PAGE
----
Casinos in Bermuda would boost tourism, create jobs
The biggest plus to having casinos in Bermuda would be the potential boost to tourism.
As everyone knows, Bermuda’s share of international tourism has steadily declined in the past twenty years. This has resulted in the closure of many of the island’s hotels and a reduction in the number of available rooms from approximately 10,000 in  to about 3,000 rooms today. This should be and is very disappointing, given that it is so close to the wealthiest market in the world, the U.S. North East Corridor (between Washington and Boston), still the wealthiest despite the economic ills of the last year. Over 75 per cent of visitors to Bermuda come from the U.S., and their tourists are able to visit casinos in almost every country they vacation in – except Bermuda.
Americans regard hotel resort casino gaming as a valuable entertainment amenity and many do not consider vacationing in Bermuda due to the lack of casino gaming.
The Bahamas is a great example of where Government has licensed a few responsible operators, with the result that the contry’s economy and local employment levels improved dramatically from 1995 through 2008. For example, the Atlantis casino resort generated over 5,000 new jobs in that period and significant gaming taxes were generated from tourist spending for the benefit of the country.
Although Bermuda has several distinguishing attributes – for example, its reputation for safety and its pristine environment, the much heard criticism of Bermuda from international tourists is that there is ’not enough to do‘. The Bermuda climate is quite temperate, given its location in the Gulf Stream, so as well as great sunshine much of the time, it also has a reputation for a lot of rain. Casino gaming would certainly give the tourist ’something else to do‘ on rainy days and in the evenings.
Training and good rates of pay
Hotels which qualify for casinos would be able to better afford to train and employ local Bermudians at decent rates of pay. This training obligation has to be well understood by the casino operator as a part of his getting and keeping a casino licence. The contribution at the hotel level from gaming would enable each such hotel to reinvest more in the property and grow its reputation for quality, which again would contribute to the growth of international tourism to the country.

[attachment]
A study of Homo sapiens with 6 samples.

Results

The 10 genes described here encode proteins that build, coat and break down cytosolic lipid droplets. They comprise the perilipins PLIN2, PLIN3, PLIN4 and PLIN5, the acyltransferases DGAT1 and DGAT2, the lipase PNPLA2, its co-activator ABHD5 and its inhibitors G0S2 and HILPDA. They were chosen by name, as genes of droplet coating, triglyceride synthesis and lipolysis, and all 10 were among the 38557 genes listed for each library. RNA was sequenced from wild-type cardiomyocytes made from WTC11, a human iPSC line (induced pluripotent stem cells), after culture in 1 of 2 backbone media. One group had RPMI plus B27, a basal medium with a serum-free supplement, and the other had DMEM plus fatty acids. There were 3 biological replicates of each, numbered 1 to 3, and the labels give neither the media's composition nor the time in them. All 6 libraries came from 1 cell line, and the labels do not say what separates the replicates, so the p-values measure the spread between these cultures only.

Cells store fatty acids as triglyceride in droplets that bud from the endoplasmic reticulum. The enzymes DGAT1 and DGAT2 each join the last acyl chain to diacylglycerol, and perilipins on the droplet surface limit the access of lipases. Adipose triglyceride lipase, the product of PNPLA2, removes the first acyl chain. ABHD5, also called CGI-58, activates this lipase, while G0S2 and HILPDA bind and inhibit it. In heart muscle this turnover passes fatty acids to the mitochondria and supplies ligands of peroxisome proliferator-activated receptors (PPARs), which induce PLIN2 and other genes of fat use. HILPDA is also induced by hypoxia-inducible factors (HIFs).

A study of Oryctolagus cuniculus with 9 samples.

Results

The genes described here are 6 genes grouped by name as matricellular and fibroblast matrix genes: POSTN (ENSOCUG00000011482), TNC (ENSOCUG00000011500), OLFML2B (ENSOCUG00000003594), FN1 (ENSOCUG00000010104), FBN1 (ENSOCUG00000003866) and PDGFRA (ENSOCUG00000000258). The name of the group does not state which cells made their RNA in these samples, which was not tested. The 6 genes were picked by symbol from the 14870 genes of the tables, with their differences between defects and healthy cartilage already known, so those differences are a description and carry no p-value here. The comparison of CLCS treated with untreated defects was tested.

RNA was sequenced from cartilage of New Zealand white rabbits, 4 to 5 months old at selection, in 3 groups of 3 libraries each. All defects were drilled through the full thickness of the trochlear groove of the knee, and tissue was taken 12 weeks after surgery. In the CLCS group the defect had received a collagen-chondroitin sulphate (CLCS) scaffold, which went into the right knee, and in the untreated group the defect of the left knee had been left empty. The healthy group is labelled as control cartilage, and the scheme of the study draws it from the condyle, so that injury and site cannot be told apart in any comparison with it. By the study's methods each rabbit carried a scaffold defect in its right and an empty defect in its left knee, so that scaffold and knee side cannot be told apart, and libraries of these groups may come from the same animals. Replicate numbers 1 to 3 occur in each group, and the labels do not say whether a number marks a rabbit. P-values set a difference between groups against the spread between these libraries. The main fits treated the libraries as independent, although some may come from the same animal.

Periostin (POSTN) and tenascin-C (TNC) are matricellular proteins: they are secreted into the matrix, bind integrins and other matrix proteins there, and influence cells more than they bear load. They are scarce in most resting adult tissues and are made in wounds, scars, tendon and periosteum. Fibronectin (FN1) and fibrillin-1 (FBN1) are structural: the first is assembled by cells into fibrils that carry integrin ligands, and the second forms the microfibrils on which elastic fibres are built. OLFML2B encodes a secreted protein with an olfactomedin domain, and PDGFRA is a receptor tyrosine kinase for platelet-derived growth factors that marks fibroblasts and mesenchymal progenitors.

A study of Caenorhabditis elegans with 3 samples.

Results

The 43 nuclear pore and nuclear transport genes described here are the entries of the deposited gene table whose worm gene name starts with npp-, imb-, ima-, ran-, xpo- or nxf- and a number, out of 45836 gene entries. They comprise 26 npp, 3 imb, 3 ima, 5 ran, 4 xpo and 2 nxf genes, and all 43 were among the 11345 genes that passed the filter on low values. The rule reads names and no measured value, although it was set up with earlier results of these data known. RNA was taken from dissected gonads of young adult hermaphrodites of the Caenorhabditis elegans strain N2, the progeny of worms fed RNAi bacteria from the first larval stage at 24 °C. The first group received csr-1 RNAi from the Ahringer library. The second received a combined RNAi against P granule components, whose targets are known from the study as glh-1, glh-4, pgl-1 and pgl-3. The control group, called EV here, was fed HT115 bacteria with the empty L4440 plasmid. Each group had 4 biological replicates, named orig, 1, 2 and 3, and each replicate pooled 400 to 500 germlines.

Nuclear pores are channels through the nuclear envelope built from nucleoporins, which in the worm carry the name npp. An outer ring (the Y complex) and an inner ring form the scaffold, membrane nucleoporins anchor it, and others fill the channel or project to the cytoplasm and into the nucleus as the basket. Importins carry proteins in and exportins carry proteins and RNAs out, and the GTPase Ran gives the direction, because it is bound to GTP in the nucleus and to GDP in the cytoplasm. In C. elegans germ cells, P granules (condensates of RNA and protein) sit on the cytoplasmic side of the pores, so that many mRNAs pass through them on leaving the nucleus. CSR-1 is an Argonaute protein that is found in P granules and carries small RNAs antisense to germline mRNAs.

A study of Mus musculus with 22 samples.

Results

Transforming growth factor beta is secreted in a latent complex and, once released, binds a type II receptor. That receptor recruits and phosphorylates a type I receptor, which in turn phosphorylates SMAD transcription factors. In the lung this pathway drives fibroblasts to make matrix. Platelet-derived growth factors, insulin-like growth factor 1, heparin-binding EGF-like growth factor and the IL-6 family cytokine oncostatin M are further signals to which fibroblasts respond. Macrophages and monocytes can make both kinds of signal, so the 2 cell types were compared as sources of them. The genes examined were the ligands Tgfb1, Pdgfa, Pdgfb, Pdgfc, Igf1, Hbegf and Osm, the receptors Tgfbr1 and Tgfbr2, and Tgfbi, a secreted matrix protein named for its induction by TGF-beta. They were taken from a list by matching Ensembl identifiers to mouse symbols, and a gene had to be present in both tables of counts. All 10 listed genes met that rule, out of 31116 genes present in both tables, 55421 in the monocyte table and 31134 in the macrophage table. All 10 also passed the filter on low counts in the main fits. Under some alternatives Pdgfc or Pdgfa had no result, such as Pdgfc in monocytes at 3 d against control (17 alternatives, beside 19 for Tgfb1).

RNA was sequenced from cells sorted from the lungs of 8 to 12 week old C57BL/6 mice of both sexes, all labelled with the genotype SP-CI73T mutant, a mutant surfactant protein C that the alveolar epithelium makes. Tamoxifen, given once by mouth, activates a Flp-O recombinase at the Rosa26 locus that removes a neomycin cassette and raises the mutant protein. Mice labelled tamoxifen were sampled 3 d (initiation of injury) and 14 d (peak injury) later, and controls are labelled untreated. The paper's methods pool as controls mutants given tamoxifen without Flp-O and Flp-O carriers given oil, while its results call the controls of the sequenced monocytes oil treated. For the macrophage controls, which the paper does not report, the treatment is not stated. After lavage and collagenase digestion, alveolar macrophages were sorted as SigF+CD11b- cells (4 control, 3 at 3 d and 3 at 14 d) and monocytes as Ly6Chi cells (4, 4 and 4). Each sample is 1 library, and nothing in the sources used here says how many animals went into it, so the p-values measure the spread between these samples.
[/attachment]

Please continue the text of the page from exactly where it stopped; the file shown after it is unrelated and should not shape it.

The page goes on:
While it is well known that uncontrolled gaming in any country attracts many people who simply do not have the disposable income, or significant capital, to participate without risking impoverishment, many jurisdictions have successfully instituted effective regulations to prevent access to those whose personal economic resources are not suitable for gambling in casinos.
In the modern age, especially with the easy access to international gaming sites on the Internet, anyone who has a credit card can play casino games at any time of day. So, any Bermudian who wants to play games of chance can already do so with comparative ease. The risks inherent in this type of gaming are very real and are obvious: if a player wins, will he get paid? will the on-line casino cheat him somehow? Many governments, including the U.S., do not allow its citizens to play in on-line casinos, nor do they allow on-line casino operators to operate from within their country.
The advantage in this regard of legalized casinos is that Government sets the rules and uses taxes on gaming revenues to more than cover implementing the rules and controlling the methods of operation of the casinos. Bermuda could easily copy the most stringent of the U.S. sets of regulations: those operated by the State of New Jersey. In this way, criminal and bad elements can be kept out of the industry locally, through the individual licensing of the casino and resort employees.
In order to prevent people who local society recognizes are not sufficiently wealthy from playing in any hotel casinos in Bermuda and thereby risking what they can ill afford, the establishments that obtain casino licences could easily be required to operate casinos as private clubs. Membership could be automatic to international visitors but could also be extended on application to wealthy local citizens, per agreed criteria.
John Allison is chairman of Scout Hotels. Scout Real Estate Capital owns the Southampton Beach Resort in Bermuda.